Sauerbrey poised for new race

Her aspiration for U.S. House seat sparks GOP hopes

February 11, 2002|By David Nitkin | David Nitkin,SUN STAFF

The message that would accompany Ellen R. Sauerbrey's political resurrection is locked in her mind and ready to spring.

Voters in suburban Baltimore, Harford and Anne Arundel counties need a climate that allows individuals to succeed, she would tell them. That means smaller government, a strong economy and making sure "people aren't taxed to death."

On a bright winter morning seven months before the primary, the only audience for her ideas is a German shepherd, Hans, celebrating his 11th birthday as he lunges around her 19th-century farmhouse in Baldwin.

But Sauerbrey, the standard-bearer of the Maryland Republican Party for the last two elections, the woman who came within a whisper of becoming governor in 1994, is ready for her next race.

If Rep. Robert L. Ehrlich Jr. of Baltimore County runs for governor this year, Sauerbrey says she will seriously consider seeking election to his 2nd District congressional seat.

"I miss having the voice," she said. "I've never gotten over being a teacher and wanting to impart ideas. I miss being in the middle of public policy debates."

With her name recognition and strong party support, Sauerbrey, 64, would immediately become a leading contender in a GOP primary. And though the district's lines have been redrawn to make it less friendly to a Republican, she would pose a serious threat to Baltimore County Executive C.A. Dutch Ruppersberger, the term-limited Democrat who is also looking at the race.

"There is such a pent-up sentiment about what happened in 1994," state GOP Chairman Michael S. Steele said of Sauerbrey's continued appeal to many voters. She lost to Glendening that year by fewer than 6,000 votes in an election marred by recounts and accusations of fraud. "A lot of people felt she was done wrong," Steele said.

But Ehrlich has not committed to run for governor, even though he increasingly sounds and looks like a candidate. And Democrats in Annapolis still have to approve the district's new boundaries. So for now, Sauerbrey must wait.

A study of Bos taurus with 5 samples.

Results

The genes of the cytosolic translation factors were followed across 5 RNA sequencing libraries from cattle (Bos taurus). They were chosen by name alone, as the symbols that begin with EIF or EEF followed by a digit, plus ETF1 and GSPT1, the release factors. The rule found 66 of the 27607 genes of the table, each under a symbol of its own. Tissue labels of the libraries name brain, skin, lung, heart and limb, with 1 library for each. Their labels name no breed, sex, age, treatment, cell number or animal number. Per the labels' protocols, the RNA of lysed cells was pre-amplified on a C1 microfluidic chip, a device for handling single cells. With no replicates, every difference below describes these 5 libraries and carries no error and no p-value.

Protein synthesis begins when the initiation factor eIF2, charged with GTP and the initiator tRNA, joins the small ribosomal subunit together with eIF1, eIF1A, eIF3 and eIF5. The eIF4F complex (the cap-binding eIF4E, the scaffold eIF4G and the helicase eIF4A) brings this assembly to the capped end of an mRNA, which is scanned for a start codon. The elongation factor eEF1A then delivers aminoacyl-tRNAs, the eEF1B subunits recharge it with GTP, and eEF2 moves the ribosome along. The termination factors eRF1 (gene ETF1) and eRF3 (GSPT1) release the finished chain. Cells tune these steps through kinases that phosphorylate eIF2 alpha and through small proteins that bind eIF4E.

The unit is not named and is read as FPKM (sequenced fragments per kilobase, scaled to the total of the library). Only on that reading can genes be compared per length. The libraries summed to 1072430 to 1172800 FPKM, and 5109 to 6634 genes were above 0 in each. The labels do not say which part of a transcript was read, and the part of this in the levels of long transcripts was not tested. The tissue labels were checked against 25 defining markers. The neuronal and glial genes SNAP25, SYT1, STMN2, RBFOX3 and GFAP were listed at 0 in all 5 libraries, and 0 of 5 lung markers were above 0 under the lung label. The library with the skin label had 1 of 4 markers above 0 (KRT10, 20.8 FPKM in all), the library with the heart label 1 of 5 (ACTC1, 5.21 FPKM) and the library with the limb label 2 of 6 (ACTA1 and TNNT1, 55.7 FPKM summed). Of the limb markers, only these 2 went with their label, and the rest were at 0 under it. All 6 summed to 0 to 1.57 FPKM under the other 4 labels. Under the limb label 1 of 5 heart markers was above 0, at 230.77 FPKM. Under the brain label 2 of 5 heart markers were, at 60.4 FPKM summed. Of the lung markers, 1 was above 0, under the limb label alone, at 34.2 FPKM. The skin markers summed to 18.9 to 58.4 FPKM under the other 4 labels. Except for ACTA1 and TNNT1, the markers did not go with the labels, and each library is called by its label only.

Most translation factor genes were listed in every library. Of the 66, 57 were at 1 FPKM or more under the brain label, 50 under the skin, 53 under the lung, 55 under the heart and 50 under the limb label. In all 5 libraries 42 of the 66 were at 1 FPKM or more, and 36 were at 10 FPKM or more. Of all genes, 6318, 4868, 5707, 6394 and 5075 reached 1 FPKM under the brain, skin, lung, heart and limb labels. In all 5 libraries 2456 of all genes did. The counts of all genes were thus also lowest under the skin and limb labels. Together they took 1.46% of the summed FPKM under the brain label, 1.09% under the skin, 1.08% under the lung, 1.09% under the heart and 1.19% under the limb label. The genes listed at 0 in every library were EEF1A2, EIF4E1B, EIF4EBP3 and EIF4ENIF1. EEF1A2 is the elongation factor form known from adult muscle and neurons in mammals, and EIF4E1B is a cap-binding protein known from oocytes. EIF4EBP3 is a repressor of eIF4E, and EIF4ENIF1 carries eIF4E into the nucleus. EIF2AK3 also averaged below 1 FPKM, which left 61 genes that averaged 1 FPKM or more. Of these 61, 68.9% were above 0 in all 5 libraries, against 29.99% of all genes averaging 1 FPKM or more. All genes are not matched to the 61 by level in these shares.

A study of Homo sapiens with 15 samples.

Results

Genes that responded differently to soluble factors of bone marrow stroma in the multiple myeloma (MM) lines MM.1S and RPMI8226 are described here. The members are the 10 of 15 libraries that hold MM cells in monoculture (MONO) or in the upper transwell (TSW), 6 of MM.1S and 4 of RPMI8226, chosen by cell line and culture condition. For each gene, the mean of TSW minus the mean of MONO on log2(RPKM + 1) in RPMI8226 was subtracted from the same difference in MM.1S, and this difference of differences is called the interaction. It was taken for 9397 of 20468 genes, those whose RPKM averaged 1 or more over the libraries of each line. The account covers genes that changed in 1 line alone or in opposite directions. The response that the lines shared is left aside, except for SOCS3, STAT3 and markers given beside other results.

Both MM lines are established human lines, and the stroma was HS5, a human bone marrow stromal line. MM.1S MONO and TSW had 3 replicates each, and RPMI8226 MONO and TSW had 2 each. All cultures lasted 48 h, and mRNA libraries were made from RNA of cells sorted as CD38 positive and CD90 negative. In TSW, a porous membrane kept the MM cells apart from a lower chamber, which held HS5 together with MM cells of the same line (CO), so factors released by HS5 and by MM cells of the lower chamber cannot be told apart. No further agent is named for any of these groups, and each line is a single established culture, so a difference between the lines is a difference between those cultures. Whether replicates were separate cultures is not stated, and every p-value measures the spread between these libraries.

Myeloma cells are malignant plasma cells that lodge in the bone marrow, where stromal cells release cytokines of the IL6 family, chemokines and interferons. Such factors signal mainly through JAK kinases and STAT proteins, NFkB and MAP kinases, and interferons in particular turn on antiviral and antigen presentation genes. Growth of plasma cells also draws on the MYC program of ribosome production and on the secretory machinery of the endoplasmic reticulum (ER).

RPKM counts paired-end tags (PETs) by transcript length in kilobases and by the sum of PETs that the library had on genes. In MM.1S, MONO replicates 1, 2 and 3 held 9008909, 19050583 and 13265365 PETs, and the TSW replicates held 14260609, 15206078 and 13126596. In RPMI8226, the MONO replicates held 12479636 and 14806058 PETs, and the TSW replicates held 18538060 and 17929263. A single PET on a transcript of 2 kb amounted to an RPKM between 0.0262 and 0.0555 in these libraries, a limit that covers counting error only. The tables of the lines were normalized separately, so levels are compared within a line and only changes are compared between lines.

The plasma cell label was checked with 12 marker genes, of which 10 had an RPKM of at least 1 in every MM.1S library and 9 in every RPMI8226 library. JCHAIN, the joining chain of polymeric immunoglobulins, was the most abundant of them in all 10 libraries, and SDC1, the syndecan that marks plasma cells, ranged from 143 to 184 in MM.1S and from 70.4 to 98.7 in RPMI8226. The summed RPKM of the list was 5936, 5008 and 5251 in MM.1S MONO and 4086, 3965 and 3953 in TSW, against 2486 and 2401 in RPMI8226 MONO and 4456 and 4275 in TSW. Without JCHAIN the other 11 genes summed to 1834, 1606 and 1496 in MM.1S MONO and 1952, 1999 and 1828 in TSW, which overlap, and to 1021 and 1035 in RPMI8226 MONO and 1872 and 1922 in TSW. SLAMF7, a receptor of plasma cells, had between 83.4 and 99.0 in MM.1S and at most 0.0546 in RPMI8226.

Wait for someone else's decision before raising money and organizing volunteers. Wait for district lines to be made final.

"Time is short," she said late last week, dodging the question of whether she is irked by Ehrlich's indecision. "I'm keeping my powder dry."

She is considering other options. There is talk, for instance, of a possible appointment in the Bush administration.

Still, Sauerbrey says she yearns for a return to elective office, and says the 2nd District seat is the only one she would consider.

She relishes the prospect of serving in a legislative body as a member of the party in power - something she never knew during her 16-year Maryland General Assembly career.

In the three-plus years since Glendening defeated her by 10 percentage points in their 1998 rematch, Sauerbrey has stayed active.

A Republican national committeewoman, she traveled to Geneva last year as an appointee of President Bush to a six-week human-rights mission. She has also tended to her recently widowed mother, and continued to refurbish the 1845 Georgian home that sits on 43 bucolic acres.

If she runs for Congress, the stakes will be high. The GOP is trying to preserve a six-vote majority in the House of Representatives during next fall's mid-term elections, a time when the party that does not control the White House traditionally makes gains.

Through the congressional redistricting process, Gov. Parris N. Glendening has made no secret of his desire to eliminate two of four Republican members of Maryland's delegation. Between the crosshairs: Ehrlich and Rep. Constance A. Morella of Montgomery County.

"It's very, very important to me that we keep that seat," she said, speaking of the 2nd District. "I feel a strong responsibility to see that it stays in Republican hands."

So does Ehrlich. As he inches toward the governor's race with speaking appearances far from his home base and a campaign fund-raising machine in full gear, he says he is under pressure from national Republicans to make sure a GOP successor is possible before he leaves Congress.

A poll last week, paid for by the National Republican Congressional Committee, tested the strength of Sauerbrey, Del. James F. Ports Jr. and former Rep. Helen Delich Bentley in potential match-ups against Ruppersberger.

"We think we have a very good opportunity to keep that seat," said Carl M. Forti, a spokesman for the national committee, who said he had seen early poll results but would not release them.

Despite Glendening's efforts to pack the district with Democratic voters, "it wasn't nearly as bad for us as people were saying it was," Forti said.

Sauerbrey would face hurdles if she enters the race, most notably that she would not reside in the district she seeks to represent. Members of Congress are not required to live in their districts, though making such a run could pose problems politically.